January 29, 2018 at 11:37 am #223908
Well, it looks like my wife and I are about to join the Pearson world with a 424. Hull number 187.
I did have an observation on the boat that concerned me somewhat and I wanted to get your opinions. On both the port and starboard sides of the hull where the bulkhead between the forward cabin and main salon attaches, there is a noticeable line from the deck to the waterline when you sight down the side of the boat. As I said the line is on both sides but more noticeable to me on starboard than port. The difference may have been the way the light hit the boat on one side vs. the other. The tabbing on the inside doesn’t show and signs of stress or delamination and I couldn’t see any issues with any other attachments in the cabin anywhere. The glass sounded solid when I thumped it with a screwdriver handle.
So my question is should I be concerned? I’ve attached a photo to show what I saw.
January 29, 2018 at 4:04 pm #223910
I checked mine today…Revery appears to have them as well. I never noticed them because we have a white hull that’s not particularly shiny right now. 🙂
January 29, 2018 at 5:52 pm #223912
You are probably just fine. When we painted Blue Moon, it also showed more flaws due to gloss…not a lot you can do about that.
Our boats, as pretty much all fiberglass boats built during the eighties, employed hard bulkheads, butted directly against the inside of the hull, then glassed in place. Over time, this causes a hard spot to telegraph through the hull and be apparent on the outside. Normally not an issue, I was told by a surveyor. Primarily a cosmetic problem. I suppose that if the hull glass was broken, it could be a problem, but that is pretty severe and normally not the case.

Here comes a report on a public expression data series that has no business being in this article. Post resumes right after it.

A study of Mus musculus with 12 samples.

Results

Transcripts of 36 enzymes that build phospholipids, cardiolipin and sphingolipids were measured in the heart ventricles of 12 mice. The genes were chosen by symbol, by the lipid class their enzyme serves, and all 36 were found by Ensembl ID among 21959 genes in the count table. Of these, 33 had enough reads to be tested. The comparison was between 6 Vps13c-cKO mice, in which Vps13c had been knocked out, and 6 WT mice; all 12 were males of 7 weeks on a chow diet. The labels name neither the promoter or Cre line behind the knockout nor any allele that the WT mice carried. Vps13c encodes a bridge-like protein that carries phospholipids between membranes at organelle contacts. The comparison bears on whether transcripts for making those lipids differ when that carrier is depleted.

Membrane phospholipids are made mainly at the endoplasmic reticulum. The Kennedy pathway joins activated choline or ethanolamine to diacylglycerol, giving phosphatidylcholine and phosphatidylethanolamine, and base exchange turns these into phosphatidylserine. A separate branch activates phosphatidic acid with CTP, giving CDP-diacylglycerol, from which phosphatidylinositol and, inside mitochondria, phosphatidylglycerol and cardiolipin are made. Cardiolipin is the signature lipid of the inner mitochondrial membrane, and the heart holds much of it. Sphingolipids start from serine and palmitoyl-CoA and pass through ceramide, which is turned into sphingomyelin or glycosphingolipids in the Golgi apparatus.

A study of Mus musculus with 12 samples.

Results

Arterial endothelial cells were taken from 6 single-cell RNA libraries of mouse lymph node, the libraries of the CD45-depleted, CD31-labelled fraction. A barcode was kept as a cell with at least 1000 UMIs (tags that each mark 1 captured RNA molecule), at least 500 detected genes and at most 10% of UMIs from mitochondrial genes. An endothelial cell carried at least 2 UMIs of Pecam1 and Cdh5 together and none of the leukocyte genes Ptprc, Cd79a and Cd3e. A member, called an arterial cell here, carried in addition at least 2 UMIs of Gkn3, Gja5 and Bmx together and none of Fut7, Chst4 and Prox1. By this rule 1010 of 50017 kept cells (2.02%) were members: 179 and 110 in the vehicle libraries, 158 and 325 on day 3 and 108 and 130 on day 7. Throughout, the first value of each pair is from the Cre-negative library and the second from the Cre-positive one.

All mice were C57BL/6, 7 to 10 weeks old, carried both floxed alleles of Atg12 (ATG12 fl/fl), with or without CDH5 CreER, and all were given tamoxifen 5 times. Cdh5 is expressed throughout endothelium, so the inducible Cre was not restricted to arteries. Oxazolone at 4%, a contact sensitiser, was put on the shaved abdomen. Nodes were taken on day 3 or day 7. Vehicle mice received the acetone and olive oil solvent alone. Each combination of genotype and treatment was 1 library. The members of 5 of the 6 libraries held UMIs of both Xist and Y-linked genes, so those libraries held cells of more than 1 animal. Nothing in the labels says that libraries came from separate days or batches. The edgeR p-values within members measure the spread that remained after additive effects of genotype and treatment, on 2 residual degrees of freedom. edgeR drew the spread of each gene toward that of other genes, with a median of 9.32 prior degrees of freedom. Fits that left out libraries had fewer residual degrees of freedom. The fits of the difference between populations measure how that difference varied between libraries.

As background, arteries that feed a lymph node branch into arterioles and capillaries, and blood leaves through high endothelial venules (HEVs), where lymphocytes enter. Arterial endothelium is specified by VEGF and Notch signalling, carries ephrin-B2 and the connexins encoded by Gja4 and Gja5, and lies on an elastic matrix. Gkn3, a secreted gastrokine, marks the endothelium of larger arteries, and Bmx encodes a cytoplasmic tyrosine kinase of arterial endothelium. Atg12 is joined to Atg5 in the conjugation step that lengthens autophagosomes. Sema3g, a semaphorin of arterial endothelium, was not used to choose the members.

I am told that nowadays boats are constructed with a foam layer between the bulkhead and the inside of the hull. Then the tabbing takes place, spanning the space taken up by the foam. The tabbing adheres the bulkhead to the boat hull, as well as spreading the load out much further than is the case with our older boats. Supposedly this diminishes or eliminates the ‘hard spot’ problem you are seeing.
Blue Moon, #189
January 30, 2018 at 5:17 pm #223918
Update: We were able to talk to a surveyor who did an insurance survey recently and he said he didn’t note any issues with the hull or bulkheads. He’s doing the dry survey tomorrow and we’re planning on doing the rest of it on the 20th. We’re both pretty excited. Thanks for the answers!It set me at ease.
February 13, 2018 at 5:16 pm #223943
OK I have a follow-up question. The surveyor found the propshaft is off center in the shaft log. He says it could be an issue. I’m not familiar yet with the construction of the stuffing box and how the assembly is constructed for this particular boat. The owner recently had the v-drive replaced and realigned and says the boat sits like this when it’s out of the water and there’s no issue.
I’d love to hear you all weigh in on this. I’ve included a photo.
February 14, 2018 at 1:16 pm #223952
February 14, 2018 at 9:15 am #223949
I’m no expert, but that appears to simply be how the shaft was aligned when the PO but it all back together. I doubt it would cause an issue, but I guess it could be putting some extra pressure on the cutlass bearing.
If that’s the case, it wouldn’t take much (or long) to adjust the v-drive mounts to get it centered. Not a sale-killer IMHO.
February 14, 2018 at 11:28 am #223951
I was thinking the same thing. I’m more or less looking to confirm my thoughts and I thank you for your reply. After reading the 424 site and a few other resources, I’m fairly confident it’s pretty easy to check alignment once in the water. Sailboat bits are just a little different than 1000hp RHIBs.